ERG SES H 04, Efficacy and Success in Education
We contribute to the literature by studying how schools policies affect pupils’ outcomes and the equality of educational outcomes. Accountability, autonomy, choice and competition play a leading role in recent school reforms in many countries but, how those school policies affect pupils’ outcomes and moreover the equality of educational outcomes is a tricky question. Latter is defined as an independence of student outcomes from family background (FB) characteristics. Our objective is to indicate that competition does not only bring along efficiency, but it has a negative effect on equity.
The most hotly disputed debates in educational policy, in the last twenty years have undoubtedly been those centred on autonomy, accountability and parental choice (Wößmann, 2008). These words have led an increasing claim for schools’ accountability and more a school faces competition, more independence it has from the central government and more it has to be accountable for its outcomes (Bush, 1994; Sockett, 1980).
Since Friedman (1955, 1962) initiated the school choice literature, the topic has attracted many scholars to investigate the effects on pupils’ achievements. Continuous stream of pupils cross the education systems and schools achieve their stated missions/expectations in several ways. Their policies affect family decisions and these are reflected into pupils’ outcomes.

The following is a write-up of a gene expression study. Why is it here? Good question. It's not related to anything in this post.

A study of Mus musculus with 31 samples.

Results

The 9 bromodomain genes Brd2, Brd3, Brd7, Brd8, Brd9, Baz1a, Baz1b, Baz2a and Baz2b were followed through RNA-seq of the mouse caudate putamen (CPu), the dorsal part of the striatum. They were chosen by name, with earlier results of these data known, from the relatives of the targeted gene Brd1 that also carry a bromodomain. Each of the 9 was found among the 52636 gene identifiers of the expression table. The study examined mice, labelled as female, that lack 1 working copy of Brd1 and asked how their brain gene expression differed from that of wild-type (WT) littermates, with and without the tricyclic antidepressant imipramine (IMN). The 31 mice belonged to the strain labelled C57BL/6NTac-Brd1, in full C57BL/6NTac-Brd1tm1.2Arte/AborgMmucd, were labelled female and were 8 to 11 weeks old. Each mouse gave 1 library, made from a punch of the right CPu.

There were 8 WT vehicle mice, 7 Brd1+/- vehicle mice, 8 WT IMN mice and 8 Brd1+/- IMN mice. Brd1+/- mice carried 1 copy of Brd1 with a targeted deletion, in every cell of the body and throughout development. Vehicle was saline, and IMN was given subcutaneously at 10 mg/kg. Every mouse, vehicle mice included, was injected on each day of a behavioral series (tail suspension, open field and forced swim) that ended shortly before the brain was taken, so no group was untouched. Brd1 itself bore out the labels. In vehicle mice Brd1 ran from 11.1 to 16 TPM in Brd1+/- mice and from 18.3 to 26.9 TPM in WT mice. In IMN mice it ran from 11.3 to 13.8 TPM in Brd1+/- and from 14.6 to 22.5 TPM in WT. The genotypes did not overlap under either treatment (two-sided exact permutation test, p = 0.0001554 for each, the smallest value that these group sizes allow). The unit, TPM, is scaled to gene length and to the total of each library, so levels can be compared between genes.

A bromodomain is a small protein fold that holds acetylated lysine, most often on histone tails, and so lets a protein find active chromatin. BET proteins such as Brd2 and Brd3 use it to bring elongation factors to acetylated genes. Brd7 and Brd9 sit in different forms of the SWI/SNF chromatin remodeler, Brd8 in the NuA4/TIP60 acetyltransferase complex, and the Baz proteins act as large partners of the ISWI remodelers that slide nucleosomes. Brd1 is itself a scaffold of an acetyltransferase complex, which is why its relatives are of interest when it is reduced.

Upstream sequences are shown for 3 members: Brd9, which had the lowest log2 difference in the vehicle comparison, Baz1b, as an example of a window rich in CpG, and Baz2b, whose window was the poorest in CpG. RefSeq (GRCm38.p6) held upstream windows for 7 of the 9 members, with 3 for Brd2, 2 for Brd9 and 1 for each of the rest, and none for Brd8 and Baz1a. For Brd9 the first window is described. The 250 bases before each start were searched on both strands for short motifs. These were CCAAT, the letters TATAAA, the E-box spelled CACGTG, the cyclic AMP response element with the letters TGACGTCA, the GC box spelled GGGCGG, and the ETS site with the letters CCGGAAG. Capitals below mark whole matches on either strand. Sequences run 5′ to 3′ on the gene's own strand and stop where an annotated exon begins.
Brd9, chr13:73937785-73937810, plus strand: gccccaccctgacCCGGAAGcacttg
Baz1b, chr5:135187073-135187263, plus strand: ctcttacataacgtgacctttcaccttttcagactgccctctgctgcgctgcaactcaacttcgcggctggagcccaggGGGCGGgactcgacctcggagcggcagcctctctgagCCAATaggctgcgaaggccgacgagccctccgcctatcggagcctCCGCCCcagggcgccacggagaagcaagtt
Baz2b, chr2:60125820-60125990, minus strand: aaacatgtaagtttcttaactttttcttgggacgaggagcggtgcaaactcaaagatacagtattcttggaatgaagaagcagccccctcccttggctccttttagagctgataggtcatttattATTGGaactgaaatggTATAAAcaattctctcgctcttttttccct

We propose to give a deeper understanding of the school policies in Italy (competition, accountability, autonomy) and how these policies affect pupils’ achievements. The OECD-PISA 2012 which is based on standardized tests compiled by a sample of 15 years old pupils and the multilevel model - given the nested nature of the dataset – are used for the analysis. The novelty of the paper is to show that that these policies will not only bring along efficiency, but they also have a negative effect on equity.
We use PISA 2012 for Italy. Student’s school achievement is operationalised by test scores, while inputs such as school resources, teacher’s efforts and quality and other family characteristics are operationalised by a variety of measures. The paper focuses on schools policies controlling for individual and family level measures. Multilevel modelling is used to evaluate the impact of schools policies on students’ achievements.
Our preliminary results indicate that having competition between schools creates additional efficiency increasing students’ scores but, it comes on the expense of the equity. Better pupils with better background characteristics are pulled together in high competitive schools – choice and competition harm equity. However, we show that competition will not create efficiency. It just makes schools segregated by cream skimming – better FB pupils produce reputation of the school and attract better FB pupils to come.